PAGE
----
TUCSON, Ariz — Chemistry can be confusing -- daunting -- even for the best students, but Jill Christman has a formula for success that works for her students. "If you can connect with them then they will work for you and do the things you ask them to do and behave in class and all the things that make for a great classroom. They just naturally do," she said.
The former real-world chemist's strategy has developed over time at CDO. She's designed lots of labs that help motivate students to work beyond their capabilities.
"Most of them come into chemistry thinking chemistry is this awful experience and they're going to hate it. But I think a majority of them leave with a respect for chemistry and realize it's something they all can do," she said.
Senior Victoria Flores hopes to follow her teacher's lead -- to become a chemist. "I've had a love for STEM ever since I was little. But when I took Miss Christman's class she's sharing her passion of chemistry with me -- just gave me my new passion of chemistry and I plan to pursue it in college cause she made me love it so much. She taught me something special, said Flores.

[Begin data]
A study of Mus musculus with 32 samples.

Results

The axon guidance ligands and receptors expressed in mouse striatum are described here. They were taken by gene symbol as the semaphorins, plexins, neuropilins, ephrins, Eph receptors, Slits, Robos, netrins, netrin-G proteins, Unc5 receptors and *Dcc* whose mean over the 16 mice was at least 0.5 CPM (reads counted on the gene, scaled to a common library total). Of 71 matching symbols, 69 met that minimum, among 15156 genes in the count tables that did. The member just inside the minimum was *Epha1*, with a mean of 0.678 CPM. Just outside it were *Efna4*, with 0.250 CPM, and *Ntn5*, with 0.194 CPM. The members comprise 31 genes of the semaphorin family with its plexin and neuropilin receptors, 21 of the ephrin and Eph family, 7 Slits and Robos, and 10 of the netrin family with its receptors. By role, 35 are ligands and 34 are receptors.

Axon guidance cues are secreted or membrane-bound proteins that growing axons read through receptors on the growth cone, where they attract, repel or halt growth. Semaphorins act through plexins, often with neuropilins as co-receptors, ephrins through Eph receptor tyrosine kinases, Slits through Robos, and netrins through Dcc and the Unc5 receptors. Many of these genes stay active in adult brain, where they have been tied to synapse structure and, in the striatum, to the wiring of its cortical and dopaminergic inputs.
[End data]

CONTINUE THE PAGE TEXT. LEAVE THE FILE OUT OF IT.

Students and staff have recognized Christman's dedication and commitment to student learning. She found to really reach students takes extra time and support. "I have kids at 7 am and until 5pm. And so the constant support they know they can get from me that helps them feel they can achieve," said Christman.
Her 2 decades of hard work has paid off -- now humbled, she says, that she's been selected as one of the candidates for Teacher of the Year. "I was very honored," she added.
The "Teacher of the Year" will be announced in the spring.